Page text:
London, Nov 3 : A new book, which is a compilation of First World War manuals, has revealed in extraordinary detail the standards expected of Britain's soldiers fighting on the front line in the war.
According to a report in the Telegraph, the compilation of officers' manuals, which have been published for the first time since the end of the conflict, gives a new insight into the daily challenges the men faced as well as the lighter side of army life.
Published to coincide with the 90th anniversary of Armistice Day, the book, "An Officer's Manual of the Western Front", also records the levels of hygiene and personal cleanliness required of soldiers.
The pamphlets, which officers used to pass on tactics and orders to their men while on the front line, reveal what soldiers were supposed to do in virtually any circumstance, from standing "perfectly still" at the sight of enemy aircraft to carrying a spare sock under their jacket, on each shoulder, so they could be changed if their feet got wet.
The manuals even offer suggestions of games the soldiers could play in their free time that would keep their minds alert and also develop skills that could be used in battle.
In a twist on football, a game called "bomb-ball" was created, which was described as "a game for bringing into play the muscles used in bombing (throwing grenades), and for the development of quick and accurate throwing".
According to the manual, such games inculcate discipline and develop quickness of brain and movement, whereas, if carelessly carried out, they may do more harm than good.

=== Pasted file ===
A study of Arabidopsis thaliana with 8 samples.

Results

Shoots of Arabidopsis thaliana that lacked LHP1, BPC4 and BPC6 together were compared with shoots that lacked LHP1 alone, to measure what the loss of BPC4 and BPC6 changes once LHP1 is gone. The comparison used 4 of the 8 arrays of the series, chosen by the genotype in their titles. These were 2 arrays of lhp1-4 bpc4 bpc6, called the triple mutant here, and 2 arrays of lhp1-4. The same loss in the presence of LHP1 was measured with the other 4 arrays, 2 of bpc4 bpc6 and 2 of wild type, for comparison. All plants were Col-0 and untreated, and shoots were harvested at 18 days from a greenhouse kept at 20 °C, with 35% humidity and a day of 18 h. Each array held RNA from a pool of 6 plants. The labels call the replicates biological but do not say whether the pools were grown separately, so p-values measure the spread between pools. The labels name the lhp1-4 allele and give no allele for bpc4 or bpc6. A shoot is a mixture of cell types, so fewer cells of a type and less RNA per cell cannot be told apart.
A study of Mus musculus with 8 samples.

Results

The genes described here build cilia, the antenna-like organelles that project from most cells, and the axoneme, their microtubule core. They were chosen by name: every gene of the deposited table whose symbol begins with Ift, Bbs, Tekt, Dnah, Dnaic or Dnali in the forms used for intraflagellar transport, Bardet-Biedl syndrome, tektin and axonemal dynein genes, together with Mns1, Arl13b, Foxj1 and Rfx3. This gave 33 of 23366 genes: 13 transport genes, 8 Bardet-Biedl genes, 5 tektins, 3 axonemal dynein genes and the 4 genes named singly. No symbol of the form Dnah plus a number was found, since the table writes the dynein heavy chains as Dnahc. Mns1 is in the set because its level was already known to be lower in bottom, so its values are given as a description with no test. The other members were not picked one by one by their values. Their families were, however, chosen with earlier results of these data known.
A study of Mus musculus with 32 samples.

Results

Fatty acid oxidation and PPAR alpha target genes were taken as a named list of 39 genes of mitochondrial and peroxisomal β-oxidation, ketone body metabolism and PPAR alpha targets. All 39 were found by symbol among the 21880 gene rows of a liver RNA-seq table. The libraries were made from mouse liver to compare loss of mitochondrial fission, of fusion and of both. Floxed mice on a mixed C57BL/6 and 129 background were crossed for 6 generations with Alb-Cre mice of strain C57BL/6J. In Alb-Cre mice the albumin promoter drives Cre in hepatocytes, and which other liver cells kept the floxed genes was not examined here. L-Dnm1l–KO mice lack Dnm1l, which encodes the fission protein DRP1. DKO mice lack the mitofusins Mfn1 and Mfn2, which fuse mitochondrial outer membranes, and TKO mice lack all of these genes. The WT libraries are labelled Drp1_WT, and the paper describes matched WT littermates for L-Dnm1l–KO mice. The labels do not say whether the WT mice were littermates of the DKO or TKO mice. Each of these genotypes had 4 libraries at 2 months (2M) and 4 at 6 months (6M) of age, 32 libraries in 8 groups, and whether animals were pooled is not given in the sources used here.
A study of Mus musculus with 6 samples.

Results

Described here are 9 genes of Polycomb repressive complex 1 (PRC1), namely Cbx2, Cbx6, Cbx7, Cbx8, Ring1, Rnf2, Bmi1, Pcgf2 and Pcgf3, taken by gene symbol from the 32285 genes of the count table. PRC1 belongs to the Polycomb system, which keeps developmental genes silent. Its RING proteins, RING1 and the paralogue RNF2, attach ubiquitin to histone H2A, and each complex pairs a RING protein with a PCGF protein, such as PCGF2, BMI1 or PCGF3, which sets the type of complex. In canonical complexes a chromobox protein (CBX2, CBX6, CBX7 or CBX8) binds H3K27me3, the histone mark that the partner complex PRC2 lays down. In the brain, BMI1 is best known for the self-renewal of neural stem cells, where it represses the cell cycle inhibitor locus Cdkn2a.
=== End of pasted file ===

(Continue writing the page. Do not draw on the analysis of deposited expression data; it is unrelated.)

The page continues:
The pamphlets also emphasise that maintaining a positive attitude among soldiers was the key to keeping morale high.
Platoon commanders were advised that they would build a well-trained platoon by "establishing a high soldierly spirit" and setting the example.
Characteristics singled out included "being blood-thirsty, and for ever thinking how to kill the enemy", "being well turned out, punctual, and cheery, even under adverse circumstances" and "recognising a good effort, even if it is not really successful".
The pamphlets also discuss methods deployed by the enemies for espionage, and highlight the need to be suspicious of pigeons found in France.
"The keeping of unregistered carrier pigeons is illegal, and they are a favourite method of communication by spies," one of the manuals said.
According to Dr Stephen Bull, who wrote the book, "We've got glimpses of the war from memoirs, but this is the first time it's been laid out to give such a full picture of life in the trenches."